The Center for Public Computing and Workforce Development was established through a grant with the sole purpose of offering public computing to the FAMU and Tallahassee community as well as offer workforce development training.
The center is now looking to enhance its awareness with the FAMU community to ensure its existence.
“We are definitely a hidden gem and we are always looking to team up with students because it is kind of hard to get our word out,” said Breanna Darnell, the office manager for CPCWD for the past few years. “I have been working here for about five years beginning as a computer technician and I can assure you that I know every client by their first and last name.”
Darnell started as a freshman in the School of Business and Industry and was recruited by Sterling Adams, the center’s director when she was just a volunteer. “We are in a building that a lot of people don’t really know about. We are on social media but that is relatively new,” Darnell added. Located in the At the M.S. Thomas building, the center was off to a good start when Adams and his team collaborated with the FAMU Enterprise Informational Technology Division, the Department of Workforce Education of the FAMU College of Education, FAMU Small Business Development Center, the Leon County Leroy Collins Public Library System, the Metropolitan Design & Consulting Group, Inc. Data Set Ready Inc., and Carney Solutions, Inc to create this center with a $1.9 million grant from the American Recovery and Reinvestment Act in September 2010.
“In short, the grant was for funding a university based public computing center that provides workforce development opportunities to build 21st century skills through certifications and training,” Darnell said.
The grant officially ended on Sept. 30, 2014. “Prior to the grant ending, we had five years where we were just wrapping up the grant because you can’t just give away all your products. So we were in the process of just closing out our grant and that was when we were officially funded by the FAMU ITS program,” Darnell said.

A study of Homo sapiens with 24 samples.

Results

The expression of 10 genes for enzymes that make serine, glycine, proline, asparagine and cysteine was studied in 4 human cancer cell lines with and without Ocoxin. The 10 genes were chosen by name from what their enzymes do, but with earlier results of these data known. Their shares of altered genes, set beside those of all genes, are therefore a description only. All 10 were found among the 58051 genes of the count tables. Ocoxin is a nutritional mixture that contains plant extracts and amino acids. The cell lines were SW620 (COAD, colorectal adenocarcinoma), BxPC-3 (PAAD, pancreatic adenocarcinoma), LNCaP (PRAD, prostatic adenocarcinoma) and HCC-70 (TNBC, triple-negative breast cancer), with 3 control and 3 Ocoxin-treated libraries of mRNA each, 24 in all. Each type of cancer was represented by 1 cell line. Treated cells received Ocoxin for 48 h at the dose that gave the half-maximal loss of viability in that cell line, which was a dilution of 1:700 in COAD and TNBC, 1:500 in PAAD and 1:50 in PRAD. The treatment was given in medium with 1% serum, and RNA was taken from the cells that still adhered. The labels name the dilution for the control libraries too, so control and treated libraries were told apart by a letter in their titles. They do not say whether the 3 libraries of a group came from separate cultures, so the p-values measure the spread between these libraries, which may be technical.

The center offers free and diverse training from the Microsoft Office Suite to their most recent coding programs. They pride themselves on focusing on providing coding training to the minority community.
“I have known about this center since my sophomore year,” said Kendall Harris, a public relations student from Tallahassee. “It is very convenient for me because every day they give you 10 pages of free printing and they just added the Adobe creative cloud to their computers which is extremely helpful for my graphics classes since I don’t have the software at home,” Harris added.
The center is a one-of-a-king operation in Tallahassee.
“What sets us apart from the several workforce development communities in the city of Tallahassee is that we offer free public computing as well as workforce development,” Darnell said. “We are open to the public six days a week from 8 a.m. to 8 p.m. and since we have such an intimate setting, you get that one on one training,” Darnell said.
The center is making strides to bring awareness to the campus and is also asking current clients to write letters of appreciation to ensure that they are performing at top quality. “We’ve hosted different events like mentorship programs on campus over the summer,” said Darnell. “We also offer free facility reservations currently to the public, however, because we are a computer based program we ask that there are some computer based training involved in the event.
“I don’t know where we will be in the next two years, but we’re just hoping to sustain our program.”